INDIANAPOLIS -- Derrick Rose took the Pacers' best shots in Game 3.
Chicago's star guard picked himself up off the floor and still delivered the decisive blow.
Rose beat Dahntay Jones off the dribble, getting a rare clean shot to the basket with 17.8 seconds left for the go-ahead layup that gave the Bulls an 88-84 victory and a 3-0 lead in the best-of-seven Eastern Conference series.
Take that, Pacers.
"It was frustrating a little bit," Rose admitted of Thursday's strong-armed tactics. "But that's basketball. If you don't stand up to it, no one will."
Rose, as usual, did his part.
Yes, he spent the first three quarters contending with the bigger Paul George, the feisty Jones and the relentless Jeff Foster, once running smack into an elbow and repeatedly taking hard fouls that sent him sprawling on the floor.
The continual punches did a number on the Bulls' MVP candidate.
He made only 4 of 18 shots, just one basket in the second half and finished with only two assists and five turnovers in 42 1/2 minutes. The game obviously took a toll on Rose, who slowly climbed the stairs to the dais for the postgame news conference.
But Rose still found ways to produce.
He went 13 of 15 from the free-throw line, finished with 23 points and his late layup put Chicago on the verge of a first-round sweep. Game 4 will be played Saturday afternoon in Indy, against a Pacers team that seems as dismayed with its inability to close out Chicago as Rose was with Indiana's strategy.
"It's very frustrating," Pacers swingman Danny Granger said after missing a potential go-ahead 3-point attempt in the last 2 seconds. "To know we're so close in so many games, just a few more plays to win the game or send it to overtime. It's just too many mistakes, too many mental breakdowns."
It's not only Rose causing problems for the Pacers.
Kyle Korver continued his late-game mastery by scoring half of the Bulls' points in a 10-0 run that turned a 70-65 fourth-quarter deficit into a 75-70 lead with 7:04 to go. Korver finished with 12 points.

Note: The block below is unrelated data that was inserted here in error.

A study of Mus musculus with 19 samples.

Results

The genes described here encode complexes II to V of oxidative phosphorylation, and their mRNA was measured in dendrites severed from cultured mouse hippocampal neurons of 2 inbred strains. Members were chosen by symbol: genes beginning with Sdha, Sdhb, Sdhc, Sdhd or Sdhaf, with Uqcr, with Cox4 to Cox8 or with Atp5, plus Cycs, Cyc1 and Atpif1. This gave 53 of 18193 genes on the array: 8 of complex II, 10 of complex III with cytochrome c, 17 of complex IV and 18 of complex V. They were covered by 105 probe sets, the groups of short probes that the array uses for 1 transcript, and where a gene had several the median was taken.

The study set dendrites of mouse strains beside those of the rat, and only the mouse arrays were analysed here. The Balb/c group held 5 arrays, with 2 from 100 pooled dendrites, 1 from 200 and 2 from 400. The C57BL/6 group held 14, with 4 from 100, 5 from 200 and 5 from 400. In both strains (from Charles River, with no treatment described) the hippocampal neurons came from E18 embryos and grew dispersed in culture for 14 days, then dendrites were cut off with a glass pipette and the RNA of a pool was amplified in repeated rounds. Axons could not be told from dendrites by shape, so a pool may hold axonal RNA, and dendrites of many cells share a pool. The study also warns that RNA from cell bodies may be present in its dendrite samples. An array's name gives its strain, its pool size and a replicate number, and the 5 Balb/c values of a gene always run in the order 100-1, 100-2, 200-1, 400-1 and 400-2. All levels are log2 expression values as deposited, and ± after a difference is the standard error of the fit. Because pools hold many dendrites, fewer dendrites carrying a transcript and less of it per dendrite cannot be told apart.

Luol Deng had 21 points, six assists and six rebounds -- his biggest coming after Granger missed the 3. Deng made the last two free throws to seal the victory. Joakim Noah had 11 points and 10 rebounds, and Carlos Boozer had 11 rebounds in the kind of physical contest he prefers.
"It was right up my alley," Boozer said with a smile. "I love to get down and dirty."
That's exactly what the Bulls needed to get past eighth-seeded Indiana, which has not trailed by more than seven points in the series.
The Pacers were led by Granger with 21 points, Jones with 11 and Tyler Hansbrough's 10.
But their top priority was stopping Rose, who had scored 75 points in the first two games.
"I thought we did a great job on Rose," Pacers coach Frank Vogel said. "I had a lot of confidence that they would do a good job on him."
The problem was they didn't do nearly as good a job defending everyone else.
As Rose adapted to the Pacers' changing defenses and traps, his teammates swung the ball to find open shooters -- and defensively, the Bulls took a page right out of the Pacers' physical playbook.
Indiana shot just 37.9 percent and was 1 of 10 from 3-point range -- not enough to beat the East's No. 1 seed even with an off-night from Rose.
"So what? I missed shots," Rose said. "My teammates were hitting them."
Indiana used an 8-0 second-quarter run to take its first lead but settled for a 42-42 halftime tie.
The Pacers led briefly again in the third quarter before making two free throws to close the third quarter and scoring the first six points of the fourth to build a 70-65 lead with 9:28 left.
That's when Rose and Korver took control.
"Kyle did come to me, and it's great when you have a teammate come to you as the point guard," Rose said. "We kept going to him because we knew (Darren) Collison would be on him and he has a great release, pretty high."
Collison also was playing with a sprained left ankle.
Korver took advantage by hitting a 3-pointer to make it 75-70 and another 3 to push it to 78-74 with 6:01 left.
But when the Bulls needed a late basket, they went right back to Rose, who found the crease he needed to put Indiana on the verge of elimination.
"The whole time, I was just thinking I'll go to the hole," Rose said. "It was tough the whole night the way they were playing, but at that time, I saw space and went for it."
NOTES: Former Pacers star Reggie Miller said he remembers the early 1990s when his team would host the Bulls at Market Square Arena and the crowd would be about 60 percent Bulls fans. He said that changed when the Pacers proved to be legitimate Eastern Conference contenders. ... Noting Chicago's history of traveling in large numbers, Vogel asked the fans to support the team, joking that metal detectors would keep Bulls fans out of the building. ... The game was a sellout, and Indiana had a clear advantage in crowd support. Indiana, which was last in the league in attendance during the regular season, had just six sellouts before Thursday's game. ... Rev. Jesse Jackson attended the game to support the Bulls. He stood along the baseline in pregame warmups, and even chatted with Rose for a few moments.